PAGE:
How to Troubleshoot a Chrysler Sebring Air Conditioner Leaking

by Don Bowman

The Chrysler Sebring air conditioning system consists of the condenser, high- and low- side hoses, compressor, accumulator and the evaporator. Any of these items have the potential to leak. If the Freon escaped due to a leak, the system needs to be recharged in order to locate the leak. Freon is colorless and odorless so the only way to locate a leak is to use a Freon detector or install a dye and look for the leak with an ultraviolet light.

Connect the system dye bottle to the low side Schrader valve. Connect the R134 refrigerant charge bottle and hose to the other side of the system dye bottle. Open the valve on the Freon can and allow the Freon and dye to enter the system.

Probe the entire system using the Freon detector. The closer the detector gets to Freon the louder it clicks or whistles depending on the make of detector. Start at the condenser in front of the radiator. Move the detector slowly, keeping in mind that Freon is heavier than air and will sink. Check the condenser cores and move on to the Freon lines exiting the condenser. Check all connectors thoroughly. Move on to the air compressor and check the manifold where the lines exit and around the clutch pulley. Follow the lines toward the firewall to the accumulator.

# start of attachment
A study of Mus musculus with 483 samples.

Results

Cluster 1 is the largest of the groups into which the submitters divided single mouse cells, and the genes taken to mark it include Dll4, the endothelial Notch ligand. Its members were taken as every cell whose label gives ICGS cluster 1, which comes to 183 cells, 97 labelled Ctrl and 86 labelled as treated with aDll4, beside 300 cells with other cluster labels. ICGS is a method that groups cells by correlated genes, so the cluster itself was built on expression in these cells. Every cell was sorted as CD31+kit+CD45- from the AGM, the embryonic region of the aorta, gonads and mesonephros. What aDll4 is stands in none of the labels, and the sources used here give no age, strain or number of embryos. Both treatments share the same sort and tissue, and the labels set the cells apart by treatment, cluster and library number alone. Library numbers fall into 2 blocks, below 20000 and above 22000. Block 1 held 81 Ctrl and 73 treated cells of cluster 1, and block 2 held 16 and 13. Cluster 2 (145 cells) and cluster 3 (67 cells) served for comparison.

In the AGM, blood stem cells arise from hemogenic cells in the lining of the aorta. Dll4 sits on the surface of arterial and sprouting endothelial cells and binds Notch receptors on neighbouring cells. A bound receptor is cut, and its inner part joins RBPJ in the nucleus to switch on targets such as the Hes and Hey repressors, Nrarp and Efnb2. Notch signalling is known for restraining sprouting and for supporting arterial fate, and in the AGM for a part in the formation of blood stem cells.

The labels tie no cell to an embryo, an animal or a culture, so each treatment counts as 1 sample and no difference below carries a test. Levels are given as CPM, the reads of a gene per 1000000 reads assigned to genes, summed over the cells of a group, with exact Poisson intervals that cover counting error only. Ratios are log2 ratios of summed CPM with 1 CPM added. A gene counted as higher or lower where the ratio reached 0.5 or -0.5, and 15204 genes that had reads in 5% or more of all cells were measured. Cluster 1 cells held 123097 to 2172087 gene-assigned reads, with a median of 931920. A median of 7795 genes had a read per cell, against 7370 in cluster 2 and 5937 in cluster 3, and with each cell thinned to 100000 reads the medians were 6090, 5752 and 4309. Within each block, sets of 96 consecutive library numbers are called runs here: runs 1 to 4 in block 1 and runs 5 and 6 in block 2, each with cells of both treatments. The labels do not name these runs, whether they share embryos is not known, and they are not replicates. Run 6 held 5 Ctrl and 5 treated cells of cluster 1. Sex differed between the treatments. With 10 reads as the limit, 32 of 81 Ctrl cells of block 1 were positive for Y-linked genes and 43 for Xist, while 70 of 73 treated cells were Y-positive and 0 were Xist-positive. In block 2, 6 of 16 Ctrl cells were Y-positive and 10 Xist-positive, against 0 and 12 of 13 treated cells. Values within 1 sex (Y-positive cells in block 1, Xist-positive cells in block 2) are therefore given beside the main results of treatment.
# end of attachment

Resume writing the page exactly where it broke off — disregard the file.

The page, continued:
Check the evaporator by placing the Freon detector probe in front of the condensation hose sticking through the firewall on the passenger side. It will be low in the area of the floor board.

Check for a leak with the ultraviolet light if no leak has been detected so far. It may take an hour or two for the dye to seep out enough to be seen. Under the light, the dye will appear bright yellowish green. If it is difficult to find the leak, start the engine and turn on the air conditioning for 15 minutes and then shut the vehicle down and look again.

Items you will need

About the Author

Don Bowman has been writing for various websites and several online magazines since 2008. He has owned an auto service facility since 1982 and has over 45 years of technical experience as a master ASE tech. Bowman has a business degree from Pennsylvania State University and was an officer in the U.S. Army (aircraft maintenance officer, pilot, six Air Medal awards, two tours Vietnam).